Beauty and freedom
The most precious, profound and important of the great ideas which the Left has raped from us is beauty. I need spend no time on the proposition that life without beauty is a nightmare: those who have seen true beauty – sublime beauty, if even for a moment – have nothing to which they can liken it except the ecstasies of mystics and the transports of saints. Beauty consoles the sorrowing; beauty brings joy and deepens understanding; beauty is like food and wine, and men who live surrounded by ugliness become shriveled and starved in their souls.
Why, if beauty is so important, is there no discussion of it? The victory of the Left in this area has been so sudden, so remarkable, and so complete, that the discussion of beauty has lapsed into an utter and a desolate silence. Have you, dear reader, read anything discussing beauty, putting forth a coherent theory of beauty, or even extolling beauty’s central importance of the human soul in a year? In 10 years? Ever? This may be the only essay you will read on the topic this decade, and yet the topic is one of paramount importance. It is a matter of life and death not for the body but for the spirit.
There is no discussion of it because by convincing the public that beauty is in the eye of the beholder, the Left has placed it beyond the realm of discussion. According to the Left, beauty is a matter of taste, and arbitrary taste at that. There is no discussion of taste because to give reasons to prefer tasteful to tasteless things is elitist, nasty, uncouth and inappropriate. To have taste implies that some cultures produce more works of art and better than others, and this raises the uncomfortable possibility that love of beauty is Eurocentric, or even racist. To admire beauty has become a hate crime.
If beauty is in the eye of the beholder, then there is no difference between fine art as opposed to mere decoration, no difference between Leonardo da Vinci’s Mona Lisa and wallpaper. Obviously there is a difference: we decorate an otherwise useful tool to make it more pleasing to look at or handle, like painting details on a car or putting embroidered images on fabric. Popular art is meant for entertainment; it is meant to please the eye and wile away the time. But an episode ofis not made for the same purpose as Tchaikovsky’s . Art is not meant to be useful. When you hold a baby in your arms and look at him, merely look at the wonder and miracle of new life, you don’t do that because the baby is useful.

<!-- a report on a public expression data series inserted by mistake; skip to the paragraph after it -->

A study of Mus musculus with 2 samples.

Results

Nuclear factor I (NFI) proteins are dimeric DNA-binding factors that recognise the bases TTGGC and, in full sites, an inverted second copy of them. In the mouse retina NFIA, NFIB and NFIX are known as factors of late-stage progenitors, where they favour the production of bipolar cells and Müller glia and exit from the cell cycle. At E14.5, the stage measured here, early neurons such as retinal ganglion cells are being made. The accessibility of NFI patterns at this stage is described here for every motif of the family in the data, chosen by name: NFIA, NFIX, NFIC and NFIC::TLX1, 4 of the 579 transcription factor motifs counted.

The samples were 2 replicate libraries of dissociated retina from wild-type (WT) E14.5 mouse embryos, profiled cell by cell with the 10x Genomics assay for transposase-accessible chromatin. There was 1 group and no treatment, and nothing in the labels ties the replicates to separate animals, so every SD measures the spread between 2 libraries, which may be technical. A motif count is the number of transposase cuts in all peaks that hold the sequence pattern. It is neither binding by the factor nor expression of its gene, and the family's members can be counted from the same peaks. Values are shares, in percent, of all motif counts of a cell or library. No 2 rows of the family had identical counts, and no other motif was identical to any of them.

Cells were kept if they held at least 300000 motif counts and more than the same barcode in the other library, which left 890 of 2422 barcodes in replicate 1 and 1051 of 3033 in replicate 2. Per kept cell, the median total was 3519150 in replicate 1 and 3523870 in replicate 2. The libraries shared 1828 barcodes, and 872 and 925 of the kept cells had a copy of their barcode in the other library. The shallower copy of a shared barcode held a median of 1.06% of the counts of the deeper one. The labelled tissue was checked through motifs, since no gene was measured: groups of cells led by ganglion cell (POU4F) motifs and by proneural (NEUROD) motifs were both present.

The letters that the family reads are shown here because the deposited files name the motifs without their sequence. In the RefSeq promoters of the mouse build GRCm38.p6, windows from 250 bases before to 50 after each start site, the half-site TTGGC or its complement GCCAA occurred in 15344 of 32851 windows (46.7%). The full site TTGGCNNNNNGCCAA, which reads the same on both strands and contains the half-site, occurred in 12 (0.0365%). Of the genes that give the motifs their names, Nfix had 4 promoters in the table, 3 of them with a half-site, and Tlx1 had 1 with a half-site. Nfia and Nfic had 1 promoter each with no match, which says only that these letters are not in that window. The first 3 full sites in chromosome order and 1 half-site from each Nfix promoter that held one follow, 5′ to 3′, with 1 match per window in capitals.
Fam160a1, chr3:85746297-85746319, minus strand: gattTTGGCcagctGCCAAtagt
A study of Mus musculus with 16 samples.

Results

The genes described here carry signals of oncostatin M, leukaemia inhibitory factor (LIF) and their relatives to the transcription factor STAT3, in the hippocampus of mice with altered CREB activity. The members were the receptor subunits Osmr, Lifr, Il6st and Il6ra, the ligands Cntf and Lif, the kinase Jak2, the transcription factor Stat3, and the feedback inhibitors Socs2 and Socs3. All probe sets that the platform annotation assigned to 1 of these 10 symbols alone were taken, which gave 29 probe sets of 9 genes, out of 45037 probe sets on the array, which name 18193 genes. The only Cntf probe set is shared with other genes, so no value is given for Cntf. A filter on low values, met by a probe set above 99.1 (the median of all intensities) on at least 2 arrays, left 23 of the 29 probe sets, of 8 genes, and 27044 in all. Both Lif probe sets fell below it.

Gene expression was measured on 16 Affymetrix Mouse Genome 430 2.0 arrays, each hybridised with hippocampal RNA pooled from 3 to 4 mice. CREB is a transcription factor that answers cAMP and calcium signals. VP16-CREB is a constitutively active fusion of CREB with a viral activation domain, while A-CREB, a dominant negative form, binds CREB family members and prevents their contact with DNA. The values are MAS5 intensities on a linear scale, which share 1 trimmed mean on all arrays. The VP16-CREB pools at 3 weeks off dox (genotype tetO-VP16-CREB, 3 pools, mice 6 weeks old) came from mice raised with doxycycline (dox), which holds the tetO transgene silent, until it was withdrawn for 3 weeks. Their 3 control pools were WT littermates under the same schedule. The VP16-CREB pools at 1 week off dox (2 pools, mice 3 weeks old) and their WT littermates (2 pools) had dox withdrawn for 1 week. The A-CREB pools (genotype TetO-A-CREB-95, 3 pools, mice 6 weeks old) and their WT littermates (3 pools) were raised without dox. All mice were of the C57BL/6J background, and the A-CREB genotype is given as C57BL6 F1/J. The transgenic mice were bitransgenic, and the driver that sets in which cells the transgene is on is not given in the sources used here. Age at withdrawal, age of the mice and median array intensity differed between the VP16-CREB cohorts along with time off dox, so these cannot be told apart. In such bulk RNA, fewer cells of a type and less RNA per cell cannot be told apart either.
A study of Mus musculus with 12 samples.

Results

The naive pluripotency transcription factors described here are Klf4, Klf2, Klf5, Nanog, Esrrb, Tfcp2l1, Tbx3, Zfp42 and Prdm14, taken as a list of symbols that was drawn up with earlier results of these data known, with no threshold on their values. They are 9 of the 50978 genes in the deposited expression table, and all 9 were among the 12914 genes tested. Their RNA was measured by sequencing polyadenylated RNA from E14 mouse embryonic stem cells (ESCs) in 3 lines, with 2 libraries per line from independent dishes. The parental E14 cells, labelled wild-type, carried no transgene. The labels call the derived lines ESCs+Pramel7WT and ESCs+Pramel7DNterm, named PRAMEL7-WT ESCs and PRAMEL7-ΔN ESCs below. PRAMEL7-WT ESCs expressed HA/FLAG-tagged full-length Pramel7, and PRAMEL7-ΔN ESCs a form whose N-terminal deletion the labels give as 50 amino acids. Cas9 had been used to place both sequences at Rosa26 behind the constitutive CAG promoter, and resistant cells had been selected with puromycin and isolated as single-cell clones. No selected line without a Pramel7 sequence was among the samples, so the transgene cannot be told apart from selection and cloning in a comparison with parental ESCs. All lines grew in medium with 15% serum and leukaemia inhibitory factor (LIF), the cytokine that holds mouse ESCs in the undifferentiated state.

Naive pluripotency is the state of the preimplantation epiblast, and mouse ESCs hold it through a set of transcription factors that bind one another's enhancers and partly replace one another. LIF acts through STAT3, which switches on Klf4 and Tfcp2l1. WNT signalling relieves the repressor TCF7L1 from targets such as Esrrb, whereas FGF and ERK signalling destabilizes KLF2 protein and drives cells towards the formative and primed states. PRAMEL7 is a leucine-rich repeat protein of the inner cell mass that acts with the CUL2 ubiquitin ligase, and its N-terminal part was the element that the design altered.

If beauty is in the eye of the beholder, then there is no such thing as training the taste. One can sit down and watch well done popular entertainment – for example, a Mickey Mouse cartoon – with pleasure and enjoyment, and no study is needed to prepare you to appreciate and understand it. But to sit down and read Milton’sfor pleasure, one needs a passing familiarity with classical and Biblical figures to which he alludes, and one’s pleasure is increased if one is familiar with the epic models, the Virgil and Homer, on whose themes Milton plays out so creative and striking a variation.
If beauty is in the eye of the beholder, then anything, anything at all, can be declared to be beautiful merely by the artist. Like God creating light from nothing by the power of His word, the artist creates beauty not by any genius nor craftsmanship, but by his naked fiat. It is beautiful not because he actually created anything, but only because he says so.
By this logic, a urinal is beautiful, a light going off and on, a decapitated cow’s head covered in blood, flies and maggots, a glass of water on a shelf, a crucifix dunked in urine, a can of excrement, or an unmade bed. The argument given by the Left is that your inability to see the beauty in these things is due to your limitations, your untrained soul, your dullness. The argument merely ignores the fact that training the tastes to be dull, philistine and coarse is the opposite of training the tastes to be sensitive to beauty.
The reader may at this point be wondering who or what on the Left has ever made such absurd assertions. Not every Leftist is concerned with art, it is true, and not everyone who leans Left on other issues adopts the mainstream Leftwing view on art. Those that do, say exactly what I say they say. If you have never heard such nonsense on stilts, I can but reply that you have not been paying attention to the art world – which, come to think of it, is very much to your credit.
The Beast has always hated the same things: Religion, freedom of Inquiry, artistic expression, a free press- anything that empowered or elevated the human soul.